Police: ‘Remain Vigilant Regarding Online Fraud’

March 13, 2017 | 10 Comments

Following a report of local resident being defrauded by a social media scam, the police are reminding people to ”remain vigilant regarding online fraud,” saying  that “individuals should be extremely cautious when asked to send funds to persons who have contacted them unexpectedly, especially via the internet.”

A police spokesperson said, “The Bermuda Police Service would like to remind members of the public to remain vigilant regarding online fraud, in light of a report involving a local resident defrauded by a social media scam.

“In the recent reported instance, a local male Facebook user received the following messages from a newly added Facebook friend:

‘Are you interested in receiving $700,000.00 Sir’ and ‘Sir you have been chosen among the Facebook promo 2017 winners to get a cash prize of $700,000,00 each.’

“Apparently believing he was a winner, the local man sent his personal details and a smaller amount of cash via money transfer to claim his alleged cash prize.

“However when re-contacted to send additional funds to ensure the mentioned prize money was released, the local man became suspicious and reported the matter.

“Once again, residents are advised not to respond to unsolicited correspondence [via e-mail, fax, letter or telephone call] which claims to offer an amazing prize or cash reward – if only the ‘lucky winner’ is willing to send an amount of money in advance to ‘secure the winnings’ or other ‘promising opportunity’ – and individuals should be extremely cautious when asked to send funds to persons who have contacted them unexpectedly, especially via the internet.

“If a person or entity insists that funds are transferred by means other than the banking system, additional scrutiny of the transaction is advisable.”



    Hard to believe that anyone would fall this kind of scam: on the other hand, more than a few people still believe all that missing money from 1998-2012 was due to the recession ……..

  2. Compare Notes? says:

    BEWARE PEOPLE: Some of the better scams I have seen don’t ask you to send anything. What they do is tell you have won a contest, lottery or similar for “X” amount of dollars. Then they simply give you a few options to receive your cash winnings.

    a) Do nothing and wait for your check for the amount of “X” to arrive by registered mail in 6-10 weeks.

    b) Fill out a form with your credit card details to have your winnings processed and sent by by the courier of your choice DHL / UPS / FEDEX for a small processing fee of (something small like $100)plus the cost of the overnight courier fee of (again something small like $75).

    c) Or send by wire / Pay Pal / Bit Torrent payment to have your winnings processed and sent by by the courier of your choice DHL / UPS / FEDEX for a small processing fee of (something small like $100)plus the cost of the overnight courier fee of (again something small like $75).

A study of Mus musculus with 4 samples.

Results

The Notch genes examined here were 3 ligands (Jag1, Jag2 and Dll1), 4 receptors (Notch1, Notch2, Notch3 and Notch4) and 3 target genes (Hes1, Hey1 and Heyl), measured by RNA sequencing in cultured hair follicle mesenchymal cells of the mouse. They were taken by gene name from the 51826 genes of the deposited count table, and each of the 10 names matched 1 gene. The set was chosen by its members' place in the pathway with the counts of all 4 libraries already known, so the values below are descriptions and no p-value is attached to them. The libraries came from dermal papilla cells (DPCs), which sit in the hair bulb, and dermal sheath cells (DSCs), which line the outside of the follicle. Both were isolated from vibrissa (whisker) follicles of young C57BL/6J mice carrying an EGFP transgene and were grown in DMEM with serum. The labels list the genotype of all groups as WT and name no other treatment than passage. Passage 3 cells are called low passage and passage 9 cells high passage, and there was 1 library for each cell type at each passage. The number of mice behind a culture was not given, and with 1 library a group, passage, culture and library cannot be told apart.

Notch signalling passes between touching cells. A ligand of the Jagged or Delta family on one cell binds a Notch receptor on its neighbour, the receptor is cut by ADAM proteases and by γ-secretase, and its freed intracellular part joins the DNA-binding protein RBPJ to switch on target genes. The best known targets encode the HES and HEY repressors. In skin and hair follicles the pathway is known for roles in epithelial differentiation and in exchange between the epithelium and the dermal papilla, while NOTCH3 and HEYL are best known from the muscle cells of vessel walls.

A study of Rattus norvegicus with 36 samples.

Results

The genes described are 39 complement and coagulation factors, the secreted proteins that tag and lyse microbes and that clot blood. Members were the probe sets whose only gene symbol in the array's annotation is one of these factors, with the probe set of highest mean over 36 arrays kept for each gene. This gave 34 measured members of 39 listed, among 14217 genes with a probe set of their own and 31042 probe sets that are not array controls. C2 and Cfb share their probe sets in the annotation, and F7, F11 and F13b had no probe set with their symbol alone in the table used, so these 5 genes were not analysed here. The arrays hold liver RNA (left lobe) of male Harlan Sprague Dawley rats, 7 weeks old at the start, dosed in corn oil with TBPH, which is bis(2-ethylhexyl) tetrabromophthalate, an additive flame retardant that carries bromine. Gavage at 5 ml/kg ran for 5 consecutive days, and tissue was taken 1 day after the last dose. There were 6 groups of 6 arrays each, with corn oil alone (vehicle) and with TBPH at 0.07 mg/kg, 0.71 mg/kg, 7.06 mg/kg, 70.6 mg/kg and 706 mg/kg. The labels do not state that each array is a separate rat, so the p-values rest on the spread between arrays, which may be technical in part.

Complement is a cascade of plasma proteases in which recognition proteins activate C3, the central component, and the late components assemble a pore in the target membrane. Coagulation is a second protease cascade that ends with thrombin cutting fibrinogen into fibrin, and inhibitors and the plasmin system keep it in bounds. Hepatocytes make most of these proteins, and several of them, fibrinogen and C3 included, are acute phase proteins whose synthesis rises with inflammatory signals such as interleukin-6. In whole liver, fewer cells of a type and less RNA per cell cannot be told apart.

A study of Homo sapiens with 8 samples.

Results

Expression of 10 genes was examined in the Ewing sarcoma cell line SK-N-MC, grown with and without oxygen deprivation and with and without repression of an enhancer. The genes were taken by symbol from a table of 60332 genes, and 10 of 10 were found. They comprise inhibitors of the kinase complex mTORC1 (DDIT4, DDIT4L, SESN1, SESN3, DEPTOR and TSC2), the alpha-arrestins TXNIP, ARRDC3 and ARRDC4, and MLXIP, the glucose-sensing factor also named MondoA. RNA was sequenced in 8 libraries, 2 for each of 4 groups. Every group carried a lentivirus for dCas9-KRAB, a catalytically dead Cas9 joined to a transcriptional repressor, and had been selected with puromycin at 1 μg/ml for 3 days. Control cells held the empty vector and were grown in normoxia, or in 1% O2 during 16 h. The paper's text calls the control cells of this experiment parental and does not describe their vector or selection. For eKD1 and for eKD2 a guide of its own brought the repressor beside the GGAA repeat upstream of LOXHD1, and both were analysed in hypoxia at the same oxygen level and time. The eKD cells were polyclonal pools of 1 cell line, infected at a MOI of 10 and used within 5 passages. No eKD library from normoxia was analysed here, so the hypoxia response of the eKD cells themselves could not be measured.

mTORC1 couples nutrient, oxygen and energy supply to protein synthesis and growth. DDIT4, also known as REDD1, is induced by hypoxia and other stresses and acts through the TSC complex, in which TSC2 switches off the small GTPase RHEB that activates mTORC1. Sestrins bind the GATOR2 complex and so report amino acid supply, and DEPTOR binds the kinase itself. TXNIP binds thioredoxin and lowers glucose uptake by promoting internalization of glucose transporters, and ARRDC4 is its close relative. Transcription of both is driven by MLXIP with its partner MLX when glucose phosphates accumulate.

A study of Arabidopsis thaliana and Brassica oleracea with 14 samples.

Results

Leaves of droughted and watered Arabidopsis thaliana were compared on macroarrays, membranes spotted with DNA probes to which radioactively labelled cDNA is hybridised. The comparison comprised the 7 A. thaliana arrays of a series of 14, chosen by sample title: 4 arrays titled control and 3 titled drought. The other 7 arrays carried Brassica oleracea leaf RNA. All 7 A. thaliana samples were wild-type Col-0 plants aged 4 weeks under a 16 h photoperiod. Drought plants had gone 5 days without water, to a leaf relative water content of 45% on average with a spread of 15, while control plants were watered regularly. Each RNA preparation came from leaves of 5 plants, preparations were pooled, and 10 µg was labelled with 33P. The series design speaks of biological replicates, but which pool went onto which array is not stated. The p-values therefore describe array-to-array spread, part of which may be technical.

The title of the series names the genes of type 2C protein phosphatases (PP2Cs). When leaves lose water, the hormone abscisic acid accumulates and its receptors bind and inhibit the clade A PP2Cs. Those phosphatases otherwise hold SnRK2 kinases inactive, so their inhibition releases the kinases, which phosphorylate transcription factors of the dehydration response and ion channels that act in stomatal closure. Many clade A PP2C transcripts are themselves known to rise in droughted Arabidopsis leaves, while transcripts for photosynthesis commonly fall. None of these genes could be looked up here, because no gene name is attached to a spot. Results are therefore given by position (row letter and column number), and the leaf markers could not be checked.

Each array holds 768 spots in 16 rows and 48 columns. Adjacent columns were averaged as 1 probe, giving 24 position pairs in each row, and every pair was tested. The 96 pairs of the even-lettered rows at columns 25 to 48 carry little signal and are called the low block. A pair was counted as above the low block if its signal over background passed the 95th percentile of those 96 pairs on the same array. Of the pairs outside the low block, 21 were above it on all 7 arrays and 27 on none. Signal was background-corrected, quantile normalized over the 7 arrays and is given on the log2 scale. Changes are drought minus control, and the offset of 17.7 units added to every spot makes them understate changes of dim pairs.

Since they are not actually asking for your money but giving you a choice – many people think it is legit and at best send payment, or worse give them card details.

    Whenever someone tells you you have won a contest just google the name and put the word scam after it. As long as you are not the first to be scammed, you can usually find examples of others that have fallen victim before.

    • PBanks says:

      Good advice. The scammers are getting more clever, so it’s up to the rest of us to be more vigilant.

  3. Barnacle says:

    Who in their right mind would believe this??

    • Real Onion says:

      Bermudians!

      • Bloomin' Onion says:

        That would mean these scams only occur in Bermuda. Get real the scammers attack gullible people worldwide.

      • Elise says:

        Real Onion, If you are Bermudian as your moniker suggests then you include yourself. This is called self hatred. I happen to know of the person who fell for this and he is not Bermudian. The scammers are professionals and know that at some point they are going to make a hit with someone who is at a vulnerable stage in their life or in financial straits. The language they choose seems to be a God-send, perfectly worded to touch that vulnerable place. Many of us believe what we find on the internet especially institutions that we think of as trustworthy such as Facebook, banks, and people who are supposed to be friends. Don’t be hard on this person who is already feeling foolish and beating up on self.

  4. Flash says:

    Blazing Trader is another email scam. I got an email last night on this one. Total Scam.

  5. Free Thinker says:

    If you are that gullible, you deserve to be scammed. He’s not the first and he wont be that last. We all want something for nothing and the scammers know this and pray on this weakness. They wont scam us all, just the naive and gullible. No amount of warning will stop these people from falling for these scams, the need to believe that money just fell out of the sky on their laps, is far greater than the suspicion that should have.

  6. James H says:

    You can’t win a contest you never entered. Very sad that people fall for this.